25 June 1998
Set-aside set to double
By Philip Clarke, Europe editor
CEREAL growers will have to take more land out of production this autumn, under a plan currently being thrashed out by European Union farm ministers to raise set-aside.
Farm ministers were locked behind closed doors yesterday afternoon (Wednesday), discussing a UK presidency proposal to double the set-aside rate to 10%.
Meeting in Luxembourg to finalise this years price package, most member states supported this figure, though Germany and Finland favoured 12% or more. But ministers were expected to end up agreeing a lower figure – probably 8% – in the face of stern opposition from French minister, Louis le Pensec.
The farm council was also expected to confirm the removal of penalty set-aside (for overshooting base areas) for the third year running. Increasing set-aside is widely supported so as to slow down the build up of intervention stocks (currently at 15 million tonnes) and to give cereal prices a boost.
But the move has been criticised by traders, opposed to such market intervention. EU body COCERAL believes commission estimates of stocks rising to 30m tonnes by the end of 2000 are overly pessimistic. It says EU cereal output will not exceed last years 201.5m tonnes, while domestic usage and export demands are both set to increase.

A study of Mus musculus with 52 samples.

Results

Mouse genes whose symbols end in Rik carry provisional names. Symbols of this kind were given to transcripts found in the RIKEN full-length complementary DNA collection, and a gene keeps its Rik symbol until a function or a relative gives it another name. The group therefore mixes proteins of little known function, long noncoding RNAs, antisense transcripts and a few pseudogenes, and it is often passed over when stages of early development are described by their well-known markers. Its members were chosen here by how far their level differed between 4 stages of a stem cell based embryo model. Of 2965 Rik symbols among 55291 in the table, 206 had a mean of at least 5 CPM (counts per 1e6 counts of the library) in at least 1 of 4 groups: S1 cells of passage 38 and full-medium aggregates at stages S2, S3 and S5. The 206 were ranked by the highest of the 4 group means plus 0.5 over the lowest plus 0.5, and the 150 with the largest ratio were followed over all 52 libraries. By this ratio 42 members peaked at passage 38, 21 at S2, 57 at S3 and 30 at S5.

Meanwhile, farming groups have blamed the commissions restrictive export policy for allowing stocks to build up. It has not made full use of the subsidies available to it under the last GATT agreement. But they have welcomed the early decision by the Council, which will give farmers more time to plan their 1998 plantings.
Other aspects of the price package include a cut in area aid for hemp because of the rapid take up of the crop. Hemp growers currently receive Ecu716.6/ha and the proposal was to cut this by 20%. In addition, hemp farmers will be required to have a contract with a recognised processor in order to claim aid.
Also on the table is an increase in the number of cattle eligible for beef special premium in Spain and Portugal.
But most of the time at this weeks marathon session in Luxembourg was spent dealing with the slippery subjects of olive oil, bananas and tobacco.